Israel leader Netanyahu 'met with UAE, Bahrain envoys to US'
Israel's prime minister held an impromptu meeting with the Emirati and Bahraini ambassadors to the United States, The Associated Press reported on Saturday.
Binyamin Netanyahu met with Yousef al-Otaiba and Sheikh Abdullah bin Rashed Al Khalifa in March at an upscale restaurant in the US capital, the news agency said, citing six people who either attended the dinner or were briefed on it.
The sources, who spoke on the condition of anonymity, explained the unplanned meeting took place at the restaurant while the Israeli leader was in Washington to attend an annual pro-Israel conference.
"By coincidence, Otaiba, was at the restaurant hosting Brian Hook, the State Department's policy planning chief, and a group of US journalists, along with Bahrain's ambassador," the report said.
"The Americans dining with Otaiba got wind that Netanyahu was nearby. Word was sent to see if the Israeli would mind making an appearance at their dinner.
"It wasn't long before Netanyahu and his wife came over to say hello on their way out. They lingered, answering a few questions from the group about Iran and other issues. There were smiles, a few laughs about the oddity of the situation, and Netanyahu shook hands with the two ambassadors before leaving the restaurant," it added.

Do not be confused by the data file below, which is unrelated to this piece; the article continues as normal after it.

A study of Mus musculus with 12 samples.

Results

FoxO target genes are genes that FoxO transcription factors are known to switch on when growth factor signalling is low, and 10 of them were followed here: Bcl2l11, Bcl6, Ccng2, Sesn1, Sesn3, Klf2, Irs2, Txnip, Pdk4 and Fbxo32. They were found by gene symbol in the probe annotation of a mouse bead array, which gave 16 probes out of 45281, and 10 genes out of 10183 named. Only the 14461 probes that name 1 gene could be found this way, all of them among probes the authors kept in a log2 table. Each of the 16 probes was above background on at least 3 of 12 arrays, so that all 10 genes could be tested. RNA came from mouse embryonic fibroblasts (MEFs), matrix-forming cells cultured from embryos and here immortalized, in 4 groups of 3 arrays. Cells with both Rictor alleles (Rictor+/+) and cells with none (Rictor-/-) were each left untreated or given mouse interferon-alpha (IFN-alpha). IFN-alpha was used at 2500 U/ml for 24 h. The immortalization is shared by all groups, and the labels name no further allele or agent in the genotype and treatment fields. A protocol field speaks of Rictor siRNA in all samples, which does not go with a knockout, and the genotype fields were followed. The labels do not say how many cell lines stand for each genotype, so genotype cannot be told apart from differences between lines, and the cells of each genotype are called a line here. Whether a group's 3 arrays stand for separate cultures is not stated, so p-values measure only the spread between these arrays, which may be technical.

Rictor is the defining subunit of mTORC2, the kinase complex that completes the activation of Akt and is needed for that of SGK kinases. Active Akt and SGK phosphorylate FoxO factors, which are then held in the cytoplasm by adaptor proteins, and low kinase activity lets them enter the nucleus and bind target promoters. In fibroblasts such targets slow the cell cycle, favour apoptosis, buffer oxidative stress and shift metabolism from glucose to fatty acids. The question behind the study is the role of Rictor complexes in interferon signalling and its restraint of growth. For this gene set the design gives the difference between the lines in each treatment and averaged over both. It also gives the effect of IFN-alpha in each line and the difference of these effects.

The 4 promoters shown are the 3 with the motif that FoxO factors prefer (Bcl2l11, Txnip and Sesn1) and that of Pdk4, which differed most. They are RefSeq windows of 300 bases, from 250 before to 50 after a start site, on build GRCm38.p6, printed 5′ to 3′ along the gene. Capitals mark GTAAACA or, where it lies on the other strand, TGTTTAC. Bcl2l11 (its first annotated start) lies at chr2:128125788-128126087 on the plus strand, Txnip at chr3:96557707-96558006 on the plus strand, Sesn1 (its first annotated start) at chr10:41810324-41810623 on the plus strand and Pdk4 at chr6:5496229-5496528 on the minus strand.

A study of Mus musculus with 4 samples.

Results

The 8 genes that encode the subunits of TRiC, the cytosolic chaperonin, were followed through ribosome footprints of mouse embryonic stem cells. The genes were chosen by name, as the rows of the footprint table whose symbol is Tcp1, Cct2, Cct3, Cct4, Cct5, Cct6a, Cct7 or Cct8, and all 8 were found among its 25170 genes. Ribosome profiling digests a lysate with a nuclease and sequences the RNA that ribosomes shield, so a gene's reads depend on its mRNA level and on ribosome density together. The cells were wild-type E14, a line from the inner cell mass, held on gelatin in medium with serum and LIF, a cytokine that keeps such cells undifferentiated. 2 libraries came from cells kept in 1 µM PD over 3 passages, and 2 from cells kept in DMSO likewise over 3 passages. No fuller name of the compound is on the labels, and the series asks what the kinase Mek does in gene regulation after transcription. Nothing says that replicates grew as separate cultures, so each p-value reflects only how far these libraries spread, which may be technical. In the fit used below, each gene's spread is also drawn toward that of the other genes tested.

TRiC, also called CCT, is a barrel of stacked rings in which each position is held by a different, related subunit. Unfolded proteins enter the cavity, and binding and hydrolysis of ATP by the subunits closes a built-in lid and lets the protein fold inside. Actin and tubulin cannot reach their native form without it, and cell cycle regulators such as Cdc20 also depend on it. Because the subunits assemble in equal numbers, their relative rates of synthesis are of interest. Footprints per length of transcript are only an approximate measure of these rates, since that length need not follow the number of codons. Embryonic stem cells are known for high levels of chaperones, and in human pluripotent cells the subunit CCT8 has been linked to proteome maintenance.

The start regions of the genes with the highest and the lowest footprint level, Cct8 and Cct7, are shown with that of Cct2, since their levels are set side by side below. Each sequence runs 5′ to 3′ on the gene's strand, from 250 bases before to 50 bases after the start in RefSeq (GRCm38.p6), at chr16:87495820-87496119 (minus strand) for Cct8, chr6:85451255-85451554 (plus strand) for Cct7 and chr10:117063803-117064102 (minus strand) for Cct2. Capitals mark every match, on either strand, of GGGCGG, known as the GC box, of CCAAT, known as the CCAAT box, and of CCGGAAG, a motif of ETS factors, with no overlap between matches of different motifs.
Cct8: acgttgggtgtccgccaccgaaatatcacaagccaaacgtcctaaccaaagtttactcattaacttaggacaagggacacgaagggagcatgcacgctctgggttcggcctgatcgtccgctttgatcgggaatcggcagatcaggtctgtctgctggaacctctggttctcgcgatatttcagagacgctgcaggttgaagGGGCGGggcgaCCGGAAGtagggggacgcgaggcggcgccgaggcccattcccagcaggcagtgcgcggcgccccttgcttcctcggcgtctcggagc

The incident is the latest in a series showing the quiet ties between Israel and Gulf states that are increasingly coming out in the open as they find common cause against mutual foe Iran.
Netanyahu frequently boasts of growing, discreet cooperation with moderate Arab countries.
Though he does not identify them by name, they have long been believed to be Sunni Gulf countries such as the UAE and Saudi Arabia.
The Saudis recently broke a decades-old practice and agreed to allow Indian flights to Israel to pass through Saudi airspace, cutting the trip by several hours.
The Saudi crown prince, Mohammad Bin Salman, met with pro-Israel Jewish American leaders during his recent high-profile trip to the US, during which he was quoted as criticising the Palestinians.
Israeli businessmen quietly operate in the UAE. The Emirati Embassy in Washington is planning an interfaith Iftar - the meal eaten by Muslims to break the Ramadan fast - that will include a US rabbi.
Bahrain's foreign minister, Khalid bin Ahmed Al Khalifa, stunned Israelis and Arabs this past week when he tweeted support for Israel's self-defence after Israel retaliated to an Iranian rocket barrage by attacking suspected Iranian targets in Syria.